Members of Maryland’s Sports Wagering Application Review Commission met Friday to hear public comments on the state’s proposed sports betting regulations.
With online sports betting finally on the way, mobile licensing fees and the inclusion of minority-owned businesses appear to be two issues of primary concern.
Maryland sports betting regulations overlook the underdogs
The race to launch mobile Maryland sports betting before the Super Bowl continues at full speed now that the state’s 45-day sportsbook application window and a 30-day public comment period are now open. But the Maryland public seems to think some groups are getting left in the dust.
Aspects such as Maryland’s substantial licensing fees are making it difficult for smaller businesses to own and operate mobile sportsbooks, according to members of the public.
According to Maryland’s proposed regulations, the licensing fee for brick-and-mortar sportsbooks is tiered based on applicant size. B-1 Facilities (those with more than 25 employees, or $3 million in “gross receipts”) must pay $250,000. And B-2 Facilities (those with less than 25 employees, or $3 million in “gross receipts”) receive a significantly lower fee of $50,000.
Meanwhile, all mobile operators — regardless of company size — must pay a healthy $500,000 fee upon application submission.
Arthur C. Robinson, CEO of Full Circle Solutions, Inc., noted the hurdle this hefty mobile licensing fee creates for small businesses. As a solution, he suggested SWARC make the fee refundable for companies who don’t ultimately receive a mobile license. Additionally, he noted that mobile licensing fees should be tiered in a manner similar to retail licenses, dividing applicants into multiple classes and fee tiers.
In order to open the application process up to smaller businesses, Robinson suggested offering an initial round of licenses at a fee of $500,000. Once granted, the SWARC could then open a second application window, offering mobile licenses at a reduced fee.
Attention to minority and women-owned businesses falls short
Maryland sports bettors have waited months for mobile betting to launch. Most recently, progress was delayed by a disparity study intended to report on the particular challenges that minority- and women-led businesses face when entering the betting industry. After some time, the study concluded without any substantial findings.
In an effort to incorporate some type of guideline, SWARC decided to task applicants with meeting certain diversity requirements.
The regulations note that companies looking for investors must make an effort to bring on minority or women investors “if applicable.” Instead, Robinson challenged SWARC to better define this section by making these efforts a specific requirement.
This emphasis on investor diversity was certainly a helpful step in the right direction. Robinson noted, however, that these regulations once again failed to offer any assistance to minority- and women-owned businesses interested in operating a sportsbook.
“Nowhere in this language does it encourage women- or minority-owned businesses as a sportsbook operator. It only talks about being an investor or support services, which are good. But why was being a mobile sportsbook or operator not specifically mentioned?”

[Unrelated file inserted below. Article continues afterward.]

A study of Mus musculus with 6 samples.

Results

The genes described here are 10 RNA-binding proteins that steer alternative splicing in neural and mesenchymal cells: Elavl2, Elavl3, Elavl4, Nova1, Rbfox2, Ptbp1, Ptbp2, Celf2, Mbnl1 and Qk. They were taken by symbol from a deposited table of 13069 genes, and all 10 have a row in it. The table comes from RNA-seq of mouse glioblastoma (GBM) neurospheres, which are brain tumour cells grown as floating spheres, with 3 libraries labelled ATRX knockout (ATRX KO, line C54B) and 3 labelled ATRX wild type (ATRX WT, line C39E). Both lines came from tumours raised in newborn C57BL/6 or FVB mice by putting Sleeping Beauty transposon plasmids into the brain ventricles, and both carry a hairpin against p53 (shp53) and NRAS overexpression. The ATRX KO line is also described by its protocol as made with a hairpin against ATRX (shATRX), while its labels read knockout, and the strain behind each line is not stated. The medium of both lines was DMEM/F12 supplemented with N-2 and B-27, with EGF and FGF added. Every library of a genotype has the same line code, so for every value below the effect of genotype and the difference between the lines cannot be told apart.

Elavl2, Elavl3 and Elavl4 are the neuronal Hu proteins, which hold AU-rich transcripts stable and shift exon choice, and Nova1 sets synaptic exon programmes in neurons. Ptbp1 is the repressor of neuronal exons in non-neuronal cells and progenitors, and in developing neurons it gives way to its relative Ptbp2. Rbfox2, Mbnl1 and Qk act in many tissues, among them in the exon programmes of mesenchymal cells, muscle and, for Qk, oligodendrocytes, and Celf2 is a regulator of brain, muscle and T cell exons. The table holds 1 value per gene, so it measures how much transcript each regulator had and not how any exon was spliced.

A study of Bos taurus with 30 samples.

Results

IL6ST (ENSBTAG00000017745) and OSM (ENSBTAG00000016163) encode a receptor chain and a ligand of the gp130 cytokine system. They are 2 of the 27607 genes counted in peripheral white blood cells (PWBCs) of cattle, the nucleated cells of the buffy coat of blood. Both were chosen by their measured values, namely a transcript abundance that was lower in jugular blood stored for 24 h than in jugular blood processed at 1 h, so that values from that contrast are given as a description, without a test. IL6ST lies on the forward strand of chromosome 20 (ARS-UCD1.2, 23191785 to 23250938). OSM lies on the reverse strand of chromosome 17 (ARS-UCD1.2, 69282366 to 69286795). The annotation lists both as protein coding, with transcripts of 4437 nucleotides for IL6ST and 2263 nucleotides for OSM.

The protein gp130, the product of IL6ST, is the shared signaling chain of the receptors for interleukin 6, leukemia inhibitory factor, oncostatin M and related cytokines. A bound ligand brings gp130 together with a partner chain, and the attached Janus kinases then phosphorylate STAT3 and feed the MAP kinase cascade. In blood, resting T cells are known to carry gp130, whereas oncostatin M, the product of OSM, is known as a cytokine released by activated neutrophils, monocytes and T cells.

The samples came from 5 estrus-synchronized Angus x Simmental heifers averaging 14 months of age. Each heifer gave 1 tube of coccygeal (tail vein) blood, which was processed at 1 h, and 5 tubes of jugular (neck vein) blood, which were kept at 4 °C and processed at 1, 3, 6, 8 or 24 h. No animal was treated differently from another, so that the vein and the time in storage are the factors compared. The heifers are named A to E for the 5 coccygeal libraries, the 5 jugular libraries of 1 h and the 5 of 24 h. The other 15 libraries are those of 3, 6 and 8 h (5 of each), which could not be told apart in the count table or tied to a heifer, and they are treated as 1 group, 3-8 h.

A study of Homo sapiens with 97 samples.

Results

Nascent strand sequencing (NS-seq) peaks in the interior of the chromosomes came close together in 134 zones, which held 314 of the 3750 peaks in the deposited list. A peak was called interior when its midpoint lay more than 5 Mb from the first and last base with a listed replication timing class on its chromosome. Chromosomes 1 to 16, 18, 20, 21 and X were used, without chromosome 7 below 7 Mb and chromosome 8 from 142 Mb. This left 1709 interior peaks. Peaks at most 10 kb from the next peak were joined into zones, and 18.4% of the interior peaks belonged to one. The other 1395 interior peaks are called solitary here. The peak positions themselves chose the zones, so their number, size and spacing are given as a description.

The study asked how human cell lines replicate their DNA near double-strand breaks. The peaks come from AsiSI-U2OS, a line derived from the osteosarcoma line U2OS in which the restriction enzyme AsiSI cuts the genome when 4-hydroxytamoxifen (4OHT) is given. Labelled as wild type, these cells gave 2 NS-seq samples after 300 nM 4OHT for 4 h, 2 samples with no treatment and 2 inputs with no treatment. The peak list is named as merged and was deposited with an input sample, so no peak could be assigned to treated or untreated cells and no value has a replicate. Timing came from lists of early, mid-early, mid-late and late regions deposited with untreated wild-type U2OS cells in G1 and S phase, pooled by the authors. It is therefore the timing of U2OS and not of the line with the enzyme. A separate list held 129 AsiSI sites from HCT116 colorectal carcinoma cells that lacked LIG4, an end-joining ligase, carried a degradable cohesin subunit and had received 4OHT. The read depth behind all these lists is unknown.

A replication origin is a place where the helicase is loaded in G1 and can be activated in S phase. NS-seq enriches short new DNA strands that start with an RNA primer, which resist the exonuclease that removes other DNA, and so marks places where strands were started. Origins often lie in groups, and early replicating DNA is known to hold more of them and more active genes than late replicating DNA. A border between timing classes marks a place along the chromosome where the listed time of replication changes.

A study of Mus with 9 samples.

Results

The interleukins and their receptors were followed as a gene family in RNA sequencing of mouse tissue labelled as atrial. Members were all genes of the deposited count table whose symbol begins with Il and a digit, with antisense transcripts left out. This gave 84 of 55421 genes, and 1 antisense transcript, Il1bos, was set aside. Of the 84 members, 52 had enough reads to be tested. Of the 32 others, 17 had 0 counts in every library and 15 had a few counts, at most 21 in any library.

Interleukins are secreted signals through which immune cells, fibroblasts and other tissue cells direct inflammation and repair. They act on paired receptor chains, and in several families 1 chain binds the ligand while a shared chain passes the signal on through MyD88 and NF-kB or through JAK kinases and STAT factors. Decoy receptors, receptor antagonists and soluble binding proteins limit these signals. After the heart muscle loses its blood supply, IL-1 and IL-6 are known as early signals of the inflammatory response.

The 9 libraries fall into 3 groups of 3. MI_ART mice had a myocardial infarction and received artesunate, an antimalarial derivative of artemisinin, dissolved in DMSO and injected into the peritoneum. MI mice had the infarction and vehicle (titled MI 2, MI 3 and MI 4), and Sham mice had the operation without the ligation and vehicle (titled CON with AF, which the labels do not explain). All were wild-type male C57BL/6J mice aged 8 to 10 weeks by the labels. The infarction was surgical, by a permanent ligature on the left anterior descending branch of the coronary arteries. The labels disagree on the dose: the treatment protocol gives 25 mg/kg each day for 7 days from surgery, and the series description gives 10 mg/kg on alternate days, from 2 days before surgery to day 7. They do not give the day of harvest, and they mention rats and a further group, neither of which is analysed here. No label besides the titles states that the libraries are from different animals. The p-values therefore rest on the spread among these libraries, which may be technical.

“Small and minority-owned businesses are the backbone of the Maryland economy. And this reads as though we are an afterthought to the mobile sportsbook or operators. We are willing to partner and work with anyone. But the state should not make it hard for us to do it on our own. The choice should not be taken away from minority- or women-owned businesses to be a sportsbook operator or to own a mobile sportsbook.”
Washington Commanders sportsbook agreement
Friday’s public meeting also revealed an agreement between Hamilton Hall Real Estate and Maryland Stadium Sub, LLC (MSS), a company created by Washington Commanders owner Dan Snyder.
Hamilton Hall founder Charles Hopkins detailed the arrangement. His company would “participate meaningfully in 25% of all revenue realized by MSS’s facility license”. As such, Hopkins requested the SWARC to amend regulation .19 (Ownership Criteria) by adding the bolded section:
A. SWARC may not award a license to an applicant that has not demonstrated direct or indirect ownership or similar economic interest, of not less than 5 percent by individuals with personal net worth of less than $1,847,000 each
Hopkins’ comments serve as further proof that Commanders fans will soon be able to wager on their mobile devices and from a retail sportsbook at FedEx Field.
MD mobile sports betting could launch this NFL season
Maryland’s public comment period extends through Sept. 26, during which time the public is able to submit comments to SWARC in writing. Meanwhile, the SWARC will consider making adjustments to the state’s final regulations based on those voiced concerns.
The application period for interested operators closes on Oct. 21, at which point the SWARC then has 45 days to review applications and award licenses.
This timeline suggests Maryland could very well be celebrating the launch of mobile sports betting before Christmas.